At this year’s inaugural Third Culture Film Festival, the Belgian short Doctor Pafke took home the award for Best Experimental. Anyone who attended our opening night will agree with the jury. This raw grayscale interpretation of the work of writer J.M. Berckmans left no one untouched. We spoke with director Kris Verdonck.
What made you decide to adapt Berckmans’ work?
I’ve been a visual artist for years now. I never cared about any narrative, I just wanted to create striking images. This got me into the local gallery circuit, which I really enjoyed. But after a few years of doing that, I started looking for a different challenge, and got into experimenting with film. I’ve long been impressed with the writing of J.M. Berckmans, and his style lends itself very well to visual adaptation. I started thinking how I could honour his work. In the end I decided to take on the viewpoint of someone who’s never read his books. I questioned how people would interpret his word if they had never heard it before. That’s how I filmed Doctor Pafke.
Is this your first short film?
I made a similar short film around ten years ago, but yes, this is my first film since I changed my focus away from other visual arts. I couldn’t be happier with the result. Doctor Pafke really triggered something in Belgium. I think it made a lot of people realise it’s still okay to make Rock & Roll art. We made it to a lot of festivals, in Belgium and abroad, and the fact that we won an award in Hong Kong…! Stijn Meuris, who wrote the soundtrack, called half of Belgium when we heard the news!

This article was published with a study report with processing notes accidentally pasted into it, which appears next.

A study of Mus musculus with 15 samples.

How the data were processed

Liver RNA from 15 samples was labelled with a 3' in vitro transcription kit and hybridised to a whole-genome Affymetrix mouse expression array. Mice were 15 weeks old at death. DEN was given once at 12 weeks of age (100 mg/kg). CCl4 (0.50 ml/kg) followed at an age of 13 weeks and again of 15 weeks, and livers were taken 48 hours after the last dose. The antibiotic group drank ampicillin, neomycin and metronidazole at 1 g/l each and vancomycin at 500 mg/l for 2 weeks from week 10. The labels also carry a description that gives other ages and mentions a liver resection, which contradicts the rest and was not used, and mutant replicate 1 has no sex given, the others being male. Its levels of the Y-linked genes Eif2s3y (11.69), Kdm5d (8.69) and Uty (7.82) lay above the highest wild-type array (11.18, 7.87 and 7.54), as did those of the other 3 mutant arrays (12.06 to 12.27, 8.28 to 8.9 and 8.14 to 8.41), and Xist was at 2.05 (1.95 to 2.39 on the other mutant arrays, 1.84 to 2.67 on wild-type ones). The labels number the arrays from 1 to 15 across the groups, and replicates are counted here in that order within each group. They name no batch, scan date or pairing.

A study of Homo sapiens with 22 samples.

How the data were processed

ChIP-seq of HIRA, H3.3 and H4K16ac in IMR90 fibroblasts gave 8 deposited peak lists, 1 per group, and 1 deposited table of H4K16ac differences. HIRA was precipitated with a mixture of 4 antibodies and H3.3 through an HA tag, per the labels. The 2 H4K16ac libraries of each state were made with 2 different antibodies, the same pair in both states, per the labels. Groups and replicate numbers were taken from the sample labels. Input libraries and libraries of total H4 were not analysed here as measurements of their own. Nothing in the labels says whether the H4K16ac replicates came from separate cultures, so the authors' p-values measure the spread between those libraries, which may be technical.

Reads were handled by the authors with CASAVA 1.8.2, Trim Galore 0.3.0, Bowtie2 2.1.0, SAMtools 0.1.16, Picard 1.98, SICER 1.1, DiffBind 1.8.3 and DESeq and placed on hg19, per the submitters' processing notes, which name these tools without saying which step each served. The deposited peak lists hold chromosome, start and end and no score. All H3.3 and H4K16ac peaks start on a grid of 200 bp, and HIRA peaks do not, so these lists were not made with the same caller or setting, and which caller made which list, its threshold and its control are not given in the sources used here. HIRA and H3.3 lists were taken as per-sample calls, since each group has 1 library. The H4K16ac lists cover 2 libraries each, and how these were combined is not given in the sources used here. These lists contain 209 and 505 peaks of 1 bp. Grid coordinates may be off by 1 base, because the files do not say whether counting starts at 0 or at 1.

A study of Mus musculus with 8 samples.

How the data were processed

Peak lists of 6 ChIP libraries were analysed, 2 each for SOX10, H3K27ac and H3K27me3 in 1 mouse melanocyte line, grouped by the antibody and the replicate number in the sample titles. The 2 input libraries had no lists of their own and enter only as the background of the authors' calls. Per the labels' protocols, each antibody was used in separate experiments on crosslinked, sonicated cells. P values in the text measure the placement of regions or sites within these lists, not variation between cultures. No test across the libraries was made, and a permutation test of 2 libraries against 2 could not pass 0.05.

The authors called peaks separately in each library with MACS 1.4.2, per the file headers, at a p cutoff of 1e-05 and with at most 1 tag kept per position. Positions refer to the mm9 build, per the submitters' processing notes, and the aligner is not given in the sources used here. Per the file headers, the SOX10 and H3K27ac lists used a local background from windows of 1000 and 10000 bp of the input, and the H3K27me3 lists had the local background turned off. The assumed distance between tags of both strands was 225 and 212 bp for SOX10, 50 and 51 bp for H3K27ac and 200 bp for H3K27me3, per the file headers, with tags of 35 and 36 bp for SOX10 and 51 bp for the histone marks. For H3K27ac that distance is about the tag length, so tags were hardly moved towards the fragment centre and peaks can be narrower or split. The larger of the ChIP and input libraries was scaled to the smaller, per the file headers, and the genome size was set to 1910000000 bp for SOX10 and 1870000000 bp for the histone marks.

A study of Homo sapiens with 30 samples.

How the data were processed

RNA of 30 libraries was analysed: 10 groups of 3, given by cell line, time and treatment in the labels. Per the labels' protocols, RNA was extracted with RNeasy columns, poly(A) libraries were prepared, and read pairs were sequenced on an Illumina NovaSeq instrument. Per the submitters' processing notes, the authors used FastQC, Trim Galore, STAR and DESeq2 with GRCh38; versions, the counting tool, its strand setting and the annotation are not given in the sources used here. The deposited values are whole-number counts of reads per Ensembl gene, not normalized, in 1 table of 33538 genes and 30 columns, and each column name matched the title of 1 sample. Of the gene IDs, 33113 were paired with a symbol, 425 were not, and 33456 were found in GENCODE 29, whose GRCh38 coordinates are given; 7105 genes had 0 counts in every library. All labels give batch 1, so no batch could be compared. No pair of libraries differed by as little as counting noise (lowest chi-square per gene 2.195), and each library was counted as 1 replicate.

it’s still okay to make Rock & Roll art
Thanks to this film, we gained a lot of goodwill for our future projects. After losing a couple 100 euros on Pafke, I’m glad to say we finally have a proper investor for our next adventure!
What will that adventure be?
I’m currently working on Knetterende Schedels (lit. Crackling Skulls), another film based off a writer’s work, this time a book by Roger van de Velde. We’re hoping to shoot in February ‘17 and release that summer.
I also just finished working on Loop, a 4 minute film on identity and psychosis. That was just a pastime, something to stay busy, but it was a lot of fun to make! And then I’m also working on a documentary on Robbe De Hert. He’s one of Belgium’s greatest ever directors, but he’s so incredibly underrated. What he did in the 60’s and 70’s is amazing, he was up there with Scorsese and Spielberg, even beat them in short film competitions. But now he’s hardly known amongst his own people, except as this comical figure in sporadic talk- or game shows.